Muscle car madness: Corvette tops the power list

Michael James

1960 Corvette

Muscle cars may be defined differently by different enthusiasts of the car segment. But it’s unlikely there’s a more diverse list of muscles cars than those outlined by the website autodesk.com.

In an non-bylined article, the editors have chosen their list of the top-15 muscle cars still manufactured.

In reverse order, the list begins with the Dodge Viper and ends with the Chevy Corvette.

The list also includes some curious choices.

Here’s what autodesk wrote in part about the Dodge Viper:

“In January 1992, Dodge introduced the Viper to the public as a car that was unlike any other American produced car of its time. It set its own place at the muscle car table. Technically a sports car, the Viper was a dramatic departure from cars being produced, and was as close to a muscle car as you could get in the ‘90s. Car and Driver Magazine put it through its paces and discovered it could go from zero to 60 mph in 4.6 seconds.

The 2014 Chevrolet Corvette was named Road & Track's Performance Car of the Year.
The 2014 Chevrolet Corvette, a long-time muscle car, was named Road & Track’s Performance Car of the Year.

It blazed through the quarter mile, reaching 107 miles per hour in the 13.2 seconds it took to complete it. It was sleek, sporty and fast. Redesigned slightly in 1996, the new design was dubbed the “double bubble” for its curved roofline and fenders. After a redesign in 2002, no new model was introduced in 2007.

Once again, Car and Driver tested it and found it to reach zero to 60 in 3.5 seconds, increasing its acceleration by about 25% since its introduction. Rebranded as the SRT Viper for the 2013 model year, its power comes at a price, with a base price of about $100,000. The Viper remains in production today, although Car and Driver says production was paused for two months in 2014 to allow demand to catch up with production.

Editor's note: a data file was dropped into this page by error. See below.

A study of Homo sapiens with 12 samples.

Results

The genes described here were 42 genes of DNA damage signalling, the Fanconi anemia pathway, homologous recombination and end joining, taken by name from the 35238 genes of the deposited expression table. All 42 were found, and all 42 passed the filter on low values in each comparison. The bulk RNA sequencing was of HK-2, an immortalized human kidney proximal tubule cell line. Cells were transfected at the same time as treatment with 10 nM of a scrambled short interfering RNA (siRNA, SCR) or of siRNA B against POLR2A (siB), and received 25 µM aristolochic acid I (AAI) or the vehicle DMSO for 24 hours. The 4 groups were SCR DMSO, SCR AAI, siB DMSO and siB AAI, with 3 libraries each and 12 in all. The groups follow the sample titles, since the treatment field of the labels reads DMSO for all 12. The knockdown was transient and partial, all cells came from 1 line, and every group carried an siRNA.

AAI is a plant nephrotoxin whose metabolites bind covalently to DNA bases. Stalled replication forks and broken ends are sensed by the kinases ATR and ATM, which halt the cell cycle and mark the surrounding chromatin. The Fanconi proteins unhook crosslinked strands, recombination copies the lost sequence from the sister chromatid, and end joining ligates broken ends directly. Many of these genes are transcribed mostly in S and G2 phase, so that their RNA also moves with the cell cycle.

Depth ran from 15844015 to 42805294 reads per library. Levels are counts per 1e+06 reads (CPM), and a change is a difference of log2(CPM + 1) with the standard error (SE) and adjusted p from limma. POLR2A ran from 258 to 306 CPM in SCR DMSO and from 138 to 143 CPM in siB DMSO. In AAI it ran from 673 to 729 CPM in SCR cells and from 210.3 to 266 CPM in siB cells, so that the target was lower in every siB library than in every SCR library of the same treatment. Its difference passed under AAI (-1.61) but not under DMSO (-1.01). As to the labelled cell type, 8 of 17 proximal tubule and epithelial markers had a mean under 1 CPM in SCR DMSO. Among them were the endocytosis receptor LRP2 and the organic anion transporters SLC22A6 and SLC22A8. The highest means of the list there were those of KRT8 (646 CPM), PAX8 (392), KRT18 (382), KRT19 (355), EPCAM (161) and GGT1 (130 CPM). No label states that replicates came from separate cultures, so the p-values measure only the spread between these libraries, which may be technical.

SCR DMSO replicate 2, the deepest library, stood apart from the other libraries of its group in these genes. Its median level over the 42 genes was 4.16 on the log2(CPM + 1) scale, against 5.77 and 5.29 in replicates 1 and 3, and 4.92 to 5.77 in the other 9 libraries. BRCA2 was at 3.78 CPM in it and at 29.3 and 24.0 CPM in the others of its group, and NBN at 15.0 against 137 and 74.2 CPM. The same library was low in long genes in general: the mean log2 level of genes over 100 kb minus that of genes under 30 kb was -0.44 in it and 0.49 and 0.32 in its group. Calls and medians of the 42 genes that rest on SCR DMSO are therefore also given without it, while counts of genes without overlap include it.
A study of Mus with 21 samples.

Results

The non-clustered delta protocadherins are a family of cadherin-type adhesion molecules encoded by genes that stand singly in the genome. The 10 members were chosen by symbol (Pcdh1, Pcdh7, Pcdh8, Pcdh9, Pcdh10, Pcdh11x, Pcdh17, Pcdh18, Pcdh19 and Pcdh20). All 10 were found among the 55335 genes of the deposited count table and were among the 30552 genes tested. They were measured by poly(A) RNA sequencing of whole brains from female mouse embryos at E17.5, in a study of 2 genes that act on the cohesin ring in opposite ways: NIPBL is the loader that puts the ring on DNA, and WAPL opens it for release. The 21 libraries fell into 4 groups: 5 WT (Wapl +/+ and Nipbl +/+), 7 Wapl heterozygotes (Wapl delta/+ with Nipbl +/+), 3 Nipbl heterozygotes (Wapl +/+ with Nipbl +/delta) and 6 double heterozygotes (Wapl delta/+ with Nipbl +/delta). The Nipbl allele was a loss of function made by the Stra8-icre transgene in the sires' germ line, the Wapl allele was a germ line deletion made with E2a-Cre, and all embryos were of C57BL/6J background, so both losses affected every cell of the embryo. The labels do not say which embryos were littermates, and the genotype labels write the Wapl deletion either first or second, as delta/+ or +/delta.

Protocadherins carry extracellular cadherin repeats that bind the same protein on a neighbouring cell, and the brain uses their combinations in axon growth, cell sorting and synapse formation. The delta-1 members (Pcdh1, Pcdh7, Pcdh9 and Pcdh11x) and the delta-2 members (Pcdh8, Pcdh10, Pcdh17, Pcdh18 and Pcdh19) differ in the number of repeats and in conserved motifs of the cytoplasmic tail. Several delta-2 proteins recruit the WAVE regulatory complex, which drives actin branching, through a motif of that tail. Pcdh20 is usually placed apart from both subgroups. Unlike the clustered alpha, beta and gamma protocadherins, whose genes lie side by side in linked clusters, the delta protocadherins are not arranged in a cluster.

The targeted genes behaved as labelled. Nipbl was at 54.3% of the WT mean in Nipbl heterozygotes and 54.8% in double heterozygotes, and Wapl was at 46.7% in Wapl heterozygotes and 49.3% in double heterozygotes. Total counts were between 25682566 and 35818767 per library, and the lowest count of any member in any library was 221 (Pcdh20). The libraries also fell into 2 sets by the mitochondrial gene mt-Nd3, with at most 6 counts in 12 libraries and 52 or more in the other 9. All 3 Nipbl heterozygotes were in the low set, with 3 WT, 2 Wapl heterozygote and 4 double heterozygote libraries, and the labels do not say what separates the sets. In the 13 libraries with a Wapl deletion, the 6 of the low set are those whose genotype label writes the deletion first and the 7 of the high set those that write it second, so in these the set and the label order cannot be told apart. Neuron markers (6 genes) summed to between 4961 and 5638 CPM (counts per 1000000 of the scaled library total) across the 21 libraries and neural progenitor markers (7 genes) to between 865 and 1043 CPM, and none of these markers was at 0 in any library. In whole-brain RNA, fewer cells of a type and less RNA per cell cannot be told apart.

Here’s what Autodesk wrote about the Chevy Corvette:

The Corvette traces its history through seven generations of models to 1953. It originally was more of a sports car than muscle car but tops our list as the oldest muscle car still in production.

Chevy says its original motor, an in-line six cylinder engine, was actually used as the power plant for all the Chevy models at the time, but this car was unique for its fiberglass body and streamlined good looks.

A rare Corvette Sting Ray will be auctioned in Chicago.
A rare Corvette Sting Ray from the early 1950s, one of the original muscle cars.

According to Chevrolet, by 1956 a Corvette race car with the proper factory parts could give just about any car in the world a run for its money. The “Corvette Chronicle”, a publication of the Corvette Museum says there were 21,513 Corvettes produced in 1963. President Kennedy even announced a national “America’s Sports Car Day” in honor of the car. Originally, the car was produced in Michigan and in St. Louis, but in 1981, all production was moved to Bowling Green, Kentucky.

Although yearly production is modest, overall, more than 1.3 million Corvettes have been produced. This latest generation of Corvettes has given rebirth to the original Stingray name, although initially it was spelled as Sting Ray. The Chevy website says the 2014 Vette has a base price of around $53,000. For that price you get an engine that produces an impressive 450 horsepower, and can reach a top speed of 195 miles per hour. Now, that’s our definition of muscle.

Here’s the list of the 15 top current production muscle cars:

15. Dodge Viper
14. Audi S &RS
13. BMW M Series
12. Mercedes AMG
11. Pontiac Trans-Am
10. Holden
9. Chevrolet Camaro
8. Dodge Charger
7. Ford Mustang
6. Plymouth Barracuda
5. Chevy Malibu
4. Porsche 911
3. Dodge Challenger
2. Chrysler 300
1. Chevrolet Corvette

To read the complete article, visit: Autodesk Muscle Cars


Article Last Updated: June 10, 2014.